CFTC Orders Firm to Pay $1.5 Million in Connection with Phishing Cyber Breach, Cites Inadequate Cyber Training
The Commodity Futures Trading Commission (CFTC) isn’t holding back when it comes to holding firms accountable for protecting their client’s funds and information. On September 12, 2019, the CFTC issued an order bringing proceedings against a registrant to the tune of $1.5 million US relating to claims that the registrant violated Commission Regulations 166.3 and 1.55(i). Without admitting or denying the CFTC’s allegations, the registrant entered into a settlement offer.
The CFTC order cites failures to supervise adequate implementation of, and compliance by employees with, cybersecurity policies and procedures and a written information security program. Specifically, the CFTC notes inadequate supervision of policies relating to disbursement of funds by employees which contributed to the occurrence of wire fraud by cyber criminals. The wire request originated through the typical method: phishing. Through phishing emails, hackers were able to compromise a few accounts which had administrative privileges, allowing them to use that level of access to add themselves as a “delegate” to be able to see other firm email accounts. Although the firm notified the CFTC in a timely manner after learning that it allowed a fraudulent wire to go out, the CFTC took issue with the firm not disclosing the incident to its clients.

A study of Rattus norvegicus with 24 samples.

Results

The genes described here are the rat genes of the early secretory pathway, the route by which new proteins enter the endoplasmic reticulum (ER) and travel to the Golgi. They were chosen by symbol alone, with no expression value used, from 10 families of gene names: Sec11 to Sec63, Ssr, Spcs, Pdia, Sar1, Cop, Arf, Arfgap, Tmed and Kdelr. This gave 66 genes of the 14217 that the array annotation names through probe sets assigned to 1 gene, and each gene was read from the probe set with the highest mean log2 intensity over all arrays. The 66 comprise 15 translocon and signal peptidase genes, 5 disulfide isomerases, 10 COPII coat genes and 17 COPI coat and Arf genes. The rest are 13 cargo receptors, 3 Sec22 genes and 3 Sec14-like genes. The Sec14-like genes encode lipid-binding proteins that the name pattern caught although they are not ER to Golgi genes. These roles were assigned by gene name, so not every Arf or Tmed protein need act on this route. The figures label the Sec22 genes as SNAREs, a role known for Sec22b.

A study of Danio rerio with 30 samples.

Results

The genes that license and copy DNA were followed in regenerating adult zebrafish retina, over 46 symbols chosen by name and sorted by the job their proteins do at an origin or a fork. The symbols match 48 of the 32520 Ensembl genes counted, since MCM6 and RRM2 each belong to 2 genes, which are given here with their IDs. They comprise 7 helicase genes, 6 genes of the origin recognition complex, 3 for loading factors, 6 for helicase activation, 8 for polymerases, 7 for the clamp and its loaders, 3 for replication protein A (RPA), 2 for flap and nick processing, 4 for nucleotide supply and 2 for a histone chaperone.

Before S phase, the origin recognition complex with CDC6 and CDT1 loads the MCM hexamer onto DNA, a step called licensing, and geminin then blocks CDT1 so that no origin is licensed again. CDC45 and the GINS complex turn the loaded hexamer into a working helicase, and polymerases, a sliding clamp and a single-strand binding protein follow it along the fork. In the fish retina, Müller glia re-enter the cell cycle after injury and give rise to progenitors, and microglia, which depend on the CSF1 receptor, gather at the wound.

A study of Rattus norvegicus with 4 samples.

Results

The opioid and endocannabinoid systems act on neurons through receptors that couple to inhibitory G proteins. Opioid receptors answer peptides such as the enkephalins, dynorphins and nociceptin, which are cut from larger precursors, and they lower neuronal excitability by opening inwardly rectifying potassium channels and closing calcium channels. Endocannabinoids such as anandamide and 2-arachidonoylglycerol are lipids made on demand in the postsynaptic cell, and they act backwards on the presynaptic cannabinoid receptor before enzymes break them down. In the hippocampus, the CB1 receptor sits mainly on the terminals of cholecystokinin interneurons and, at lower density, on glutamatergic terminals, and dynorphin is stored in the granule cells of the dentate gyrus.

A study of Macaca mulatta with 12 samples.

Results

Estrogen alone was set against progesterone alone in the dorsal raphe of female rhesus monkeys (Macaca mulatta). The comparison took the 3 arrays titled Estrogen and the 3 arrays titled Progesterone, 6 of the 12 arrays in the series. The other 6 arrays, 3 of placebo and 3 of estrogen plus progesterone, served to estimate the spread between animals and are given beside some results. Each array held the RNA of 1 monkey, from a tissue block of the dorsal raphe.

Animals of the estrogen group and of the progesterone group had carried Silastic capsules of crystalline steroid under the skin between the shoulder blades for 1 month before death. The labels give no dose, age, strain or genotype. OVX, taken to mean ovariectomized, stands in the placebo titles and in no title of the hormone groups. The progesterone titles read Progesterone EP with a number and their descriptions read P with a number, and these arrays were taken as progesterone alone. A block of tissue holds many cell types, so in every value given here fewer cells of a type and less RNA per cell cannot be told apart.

The CFTC also took the opportunity to highlight that the individuals responsible for cybersecurity at the firm, including the CCO, had “limited training in cybersecurity” and that the CCO did not have a background in cybersecurity despite being designated with responsibility to oversee the firm’s cyber training.
What this case reveals for CFTC registrants, and perhaps as a proxy for registrants with the SEC and FINRA, is that cyber is being taken seriously. In addition to the lack of training and cyber expertise by those tasked with implementing the cyber program, other issues cited include:
- The failure to tailor the information security program to the firm’s particular functions and risks (in some cases, the firm’s cyber policies quoted the rule verbatim without any modification)
- The failure to follow the firm’s incident response plan when responding to the incident
- The failure to replace a senior information security professional who departed, and instead delegating his responsibilities to others with less experience (Author’s Note: Admittedly, it is incredibly difficult to hire individuals with cyber expertise given current demand)
If you need help tailoring your information security policies and procedures, with cyber training, phishing testing or general cybersecurity strategies, visit our Shield page to see what we offer, and then contact us.